Why Is It Illegal To Sell Oil Overseas? by Nile Gardiner, Foundation For Economic Education
The US export ban is a relic
The U.S. House of Representatives voted to lift the 40 year-long ban on crude oil exports last month. The White House has already threatened to veto the measure if it passes the Senate. U.S. energy policy remains stuck in the 1970s, when tight restrictions were imposed by Washington on the export of US crude oil in the wake of the 1973 Arab oil embargo, through the Energy Policy and Conservation Act and the Export Administration Act. Today, lifting the ban is vital to US interests.
The United States is the world’s largest oil producer (bigger than even Saudi Arabia), but exports just a tiny fraction of its oil abroad, to Canada and Mexico. The U.S. also has vast reserves of natural gas, which are not subject to an export ban, but the federal government tightly controls where American natural gas can be sent.
Moscow exerts an extraordinary stranglehold over Europe’s energy needs, which poses an immense strategic and security risk across the Atlantic. Increasingly, Vladimir Putin’s aggressive regime will seek to weaken European opposition to Russian expansionism by threatening to withhold energy supplies at critically important moments, as it has done on several occasions with Ukraine.
Europe’s energy dependence on Russia is staggering. According to the Congressional Research Service (CRS), Russia supplied “40 percent of the EU’s natural gas imports and almost 30 percent of its oil imports” in 2014. As the CRS points out, seven EU member states in Eastern and Central Europe depend almost entirely upon Russia for their natural gas needs, including the three Baltic states of Estonia, Latvia, and Lithuania.
Energy dependence is a major concern in parts of Western Europe as well, including in the EU’s largest economy, Germany, which derives 45 percent of its natural gas from Russian sources. Europe’s dependency on Russia will only grow in the next decade, as European use of natural gas increases, while domestic production falls. The inflow of money from the European Union is essential to the survival of Vladimir Putin’s regime and state-owned companies such as Gazprom that are home to Russia’s ruling class, with roughly half of Moscow’s tax revenues coming from oil and natural gas.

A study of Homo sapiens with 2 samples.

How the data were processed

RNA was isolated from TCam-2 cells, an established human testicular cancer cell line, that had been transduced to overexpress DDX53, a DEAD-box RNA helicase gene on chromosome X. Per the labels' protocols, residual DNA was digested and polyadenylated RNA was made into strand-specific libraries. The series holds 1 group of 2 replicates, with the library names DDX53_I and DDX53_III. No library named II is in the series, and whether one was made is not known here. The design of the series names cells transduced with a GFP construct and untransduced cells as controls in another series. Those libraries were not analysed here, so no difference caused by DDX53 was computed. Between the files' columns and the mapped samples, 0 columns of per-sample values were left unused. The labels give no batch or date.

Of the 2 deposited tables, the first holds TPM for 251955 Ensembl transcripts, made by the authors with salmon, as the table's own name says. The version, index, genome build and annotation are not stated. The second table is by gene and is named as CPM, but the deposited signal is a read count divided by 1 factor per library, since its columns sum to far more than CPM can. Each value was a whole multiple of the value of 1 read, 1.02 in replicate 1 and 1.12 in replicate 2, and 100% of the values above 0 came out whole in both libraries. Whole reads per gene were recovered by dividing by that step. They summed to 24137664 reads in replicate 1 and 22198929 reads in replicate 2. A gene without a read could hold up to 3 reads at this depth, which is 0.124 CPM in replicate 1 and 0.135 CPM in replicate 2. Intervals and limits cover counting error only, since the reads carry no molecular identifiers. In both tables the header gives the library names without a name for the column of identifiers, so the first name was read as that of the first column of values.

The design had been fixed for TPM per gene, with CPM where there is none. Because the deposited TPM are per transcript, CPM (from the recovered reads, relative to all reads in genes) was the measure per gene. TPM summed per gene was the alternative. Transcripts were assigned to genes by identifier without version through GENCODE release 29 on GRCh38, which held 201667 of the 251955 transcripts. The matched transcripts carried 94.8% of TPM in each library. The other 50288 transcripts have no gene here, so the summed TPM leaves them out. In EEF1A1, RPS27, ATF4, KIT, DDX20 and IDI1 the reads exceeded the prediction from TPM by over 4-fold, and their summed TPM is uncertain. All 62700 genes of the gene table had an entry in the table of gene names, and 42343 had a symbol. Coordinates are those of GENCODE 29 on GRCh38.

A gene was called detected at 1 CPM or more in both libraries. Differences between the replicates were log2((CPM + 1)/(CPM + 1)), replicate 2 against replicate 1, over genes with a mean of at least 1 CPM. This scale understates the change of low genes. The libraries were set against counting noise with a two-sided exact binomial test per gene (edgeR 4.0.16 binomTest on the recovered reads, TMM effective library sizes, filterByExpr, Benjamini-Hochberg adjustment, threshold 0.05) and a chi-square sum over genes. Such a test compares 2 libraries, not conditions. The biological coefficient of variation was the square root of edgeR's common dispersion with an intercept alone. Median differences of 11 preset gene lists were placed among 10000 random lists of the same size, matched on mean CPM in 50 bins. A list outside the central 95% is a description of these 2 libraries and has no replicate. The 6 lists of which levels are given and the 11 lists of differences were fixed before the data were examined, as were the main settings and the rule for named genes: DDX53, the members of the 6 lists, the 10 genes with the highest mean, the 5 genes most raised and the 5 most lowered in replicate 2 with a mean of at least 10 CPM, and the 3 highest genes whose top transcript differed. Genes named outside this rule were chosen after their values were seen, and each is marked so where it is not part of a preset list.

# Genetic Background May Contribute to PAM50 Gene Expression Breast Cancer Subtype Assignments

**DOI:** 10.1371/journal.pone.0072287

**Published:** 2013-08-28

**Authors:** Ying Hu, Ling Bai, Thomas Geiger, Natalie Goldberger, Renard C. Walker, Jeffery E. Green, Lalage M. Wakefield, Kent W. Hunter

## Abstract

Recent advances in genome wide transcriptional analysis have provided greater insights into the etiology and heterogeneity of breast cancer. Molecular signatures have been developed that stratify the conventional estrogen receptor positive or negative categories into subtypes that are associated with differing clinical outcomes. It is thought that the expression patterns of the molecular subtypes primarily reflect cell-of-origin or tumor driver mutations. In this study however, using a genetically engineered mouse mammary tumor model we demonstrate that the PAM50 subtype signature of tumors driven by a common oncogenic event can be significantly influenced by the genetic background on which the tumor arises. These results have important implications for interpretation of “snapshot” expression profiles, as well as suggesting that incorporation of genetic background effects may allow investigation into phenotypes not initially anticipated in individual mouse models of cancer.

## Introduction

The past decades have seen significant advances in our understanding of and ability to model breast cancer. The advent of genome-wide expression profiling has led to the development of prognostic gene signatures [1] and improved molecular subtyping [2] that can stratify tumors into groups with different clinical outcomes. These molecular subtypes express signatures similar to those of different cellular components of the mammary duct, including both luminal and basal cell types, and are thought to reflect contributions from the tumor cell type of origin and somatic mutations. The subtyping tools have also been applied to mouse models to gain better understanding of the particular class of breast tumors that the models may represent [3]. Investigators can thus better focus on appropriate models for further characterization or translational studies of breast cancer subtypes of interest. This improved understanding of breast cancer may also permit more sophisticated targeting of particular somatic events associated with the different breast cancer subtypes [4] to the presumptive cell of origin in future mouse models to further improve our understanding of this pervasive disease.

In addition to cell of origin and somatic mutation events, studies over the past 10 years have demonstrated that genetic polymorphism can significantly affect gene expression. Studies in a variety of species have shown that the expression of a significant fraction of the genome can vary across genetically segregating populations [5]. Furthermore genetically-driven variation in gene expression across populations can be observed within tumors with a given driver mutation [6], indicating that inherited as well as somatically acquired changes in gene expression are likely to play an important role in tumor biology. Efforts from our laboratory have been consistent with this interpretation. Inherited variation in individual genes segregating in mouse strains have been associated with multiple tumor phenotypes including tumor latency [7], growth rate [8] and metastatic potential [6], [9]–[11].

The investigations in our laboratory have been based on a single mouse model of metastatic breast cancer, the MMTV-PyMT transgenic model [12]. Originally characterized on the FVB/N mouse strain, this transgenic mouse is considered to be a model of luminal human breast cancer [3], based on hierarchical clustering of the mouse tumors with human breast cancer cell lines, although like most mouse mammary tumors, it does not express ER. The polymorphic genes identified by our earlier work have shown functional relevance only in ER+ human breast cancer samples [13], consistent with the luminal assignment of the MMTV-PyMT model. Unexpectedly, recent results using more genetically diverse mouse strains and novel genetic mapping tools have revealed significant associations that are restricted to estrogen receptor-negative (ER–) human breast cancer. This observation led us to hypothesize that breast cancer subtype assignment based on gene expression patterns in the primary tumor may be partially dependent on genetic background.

Loosening Russia’s energy grip is vital to US interests in Europe. By lifting restrictions on the export of natural gas to those countries most dependent upon Moscow, the United States will be able to weaken Russian influence and enhance the security of key NATO allies living in the shadow of the Russian bear. It is frightening to think that Moscow could hold the Baltic states hostage by simply switching off their natural gas supply.
It is time for the United States to advance an energy policy that improves the security and independence of its allies, and enhances America’s strategic influence abroad, while boosting the U.S. economy and creating jobs at home.
As the Heritage Foundation recently argued in a major report headed by economist Nicolas Loris, “free trade in energy bolsters national security by increasing supply diversity and providing choices for allies; it will have beneficial geopolitical implications for every region of the world.” This is a far better alternative to keeping in place outdated measures that weaken the transatlantic alliance while handing the initiative to authoritarian powers that threaten our interests.